Libya sees little progress in two years since end of Gadhafi rule

Libya sees little progress in two years since end of Gadhafi rule

Libya sees little progress in two years since end of Gadhafi rule

Libyans gesture during the celebration of the fall of Moammar Gadhafi in Tripoli, Libya. AA photo

Today, Libya marks two years since the fall of Moammar Gadhafi, but instead of the freedom and development Libyans had hoped for, the country has fallen deeper into anarchy.

Rival Islamist and Western-backed factions are meddling with the country’s dizzying array of militias, turning political feuds into armed conflict.

The government did issue a brief statement on Oct. 22, congratulating the people on the “decisive day that ended tyranny and despotism,” Agence France-Presse reported. On Oct. 23, 2011, the victorious rebels declared the “liberation” of Libya from Gadhafi loyalists, three days after the once-feared dictator was captured and killed outside his home town Sirte in the final battle of the eight-month conflict.

Potential of civil war

Militias that include Islamic extremists are lining up with Islamist politicians in parliament, who have been trying to remove Western-backed Prime Minister Ali Zidan and bring stricter Islamic rule. Other armed groups support Zidan’s non-Islamist allies. The result is a fractured system where political rivalries have the potential to erupt into civil war.

In recent months, the militia chaos has only escalated, according to the Associated Press.

Zidan was briefly kidnapped by militiamen this month. Over the summer, eastern militias seized control of oil exporting terminals, sending production plunging from 1.4 million barrels a day to around 600,000, robbing the country of its main revenue source. Other militias in the south cut off water supplies to the capital for days.

Zidan’s office manager, the defense minister’s son and several judges have been kidnapped. Activists and clerics who speak out against militias have been gunned down, as have at least 100 security or military officers.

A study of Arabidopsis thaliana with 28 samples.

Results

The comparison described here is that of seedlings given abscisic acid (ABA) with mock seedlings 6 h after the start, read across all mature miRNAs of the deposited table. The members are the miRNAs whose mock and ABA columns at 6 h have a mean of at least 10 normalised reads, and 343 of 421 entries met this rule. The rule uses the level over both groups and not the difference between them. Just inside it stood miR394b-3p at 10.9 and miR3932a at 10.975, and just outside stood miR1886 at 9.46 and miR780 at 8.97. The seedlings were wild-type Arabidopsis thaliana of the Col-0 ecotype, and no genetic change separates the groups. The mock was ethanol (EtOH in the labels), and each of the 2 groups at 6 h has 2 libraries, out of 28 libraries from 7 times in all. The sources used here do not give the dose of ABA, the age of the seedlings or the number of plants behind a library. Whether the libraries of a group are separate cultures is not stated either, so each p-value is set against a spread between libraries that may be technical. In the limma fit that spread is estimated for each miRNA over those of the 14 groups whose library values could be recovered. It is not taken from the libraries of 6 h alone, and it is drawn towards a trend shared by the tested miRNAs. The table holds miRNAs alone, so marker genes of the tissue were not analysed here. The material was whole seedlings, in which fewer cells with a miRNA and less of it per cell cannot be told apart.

At the same time, al-Qaeda-inspired militias are spreading. The group Ansar al-Shariah, which is believed to be behind last year’s attack on a U.S. diplomatic post in Benghazi that killed the ambassador and three other Americans, is increasing its strength not only in Benghazi, but in cities further west like Sirte and Ajdabiya.

“We are not a state by the normal definition of the word,” Zidan acknowledged to reporters in Tripoli on Oct. 20. “The government is rowing against the current and this is very difficult.”

With the overthrow of the Gadhafi regime, the country’s once-pervasive security apparatus also collapsed and the new authorities have struggled to create a new army and police force.

Instead, it has had to rely on the former rebel militias, which have their own competing ideological, regional and tribal loyalties.

Despite the chaos, Fethi Terbel, the lawyer and human rights activist whose arrest on Feb. 15, 2011 sparked Libya’s uprising, was tentatively optimistic.

“Two years after the liberation, I have a positive outlook; despite the bitterness that dominates most people’s feelings, which seems to me to be the natural result of a revolution still in its infancy,” he said. Terbel said Libya’s instability was the “legacy of the former regime,” which left “state institutions in meltdown.”

Transition to democracy

The roadmap for the transition to democracy was supposed to give the country sustainable institutions to help bring stability, but the current turmoil has cast doubts over the roadmap.

After more than 40 years under Gadhafi’s reign, Libya held its first free elections in July 2012, in a bid to choose the General National Congress (GNC), the country’s highest political authority. The success of a possible transition to democracy, however, remains doubtful, due to political tension and chronic insecurity in the country.

The country must now choose an assembly to draft a new constitution, but militias left over from the 2011 uprising control much of the country and bitter political infighting and threats to boycott the upcoming vote could derail the process. The failure of the government to set up a professional police and army has prompted mounting criticism against its human rights record. Residents of Tawargha, a town that was a base for Gadhafi’s forces during the 2011 uprising, have been hounded out of their homes and prevented from returning by former rebels, Amnesty International said Oct.23.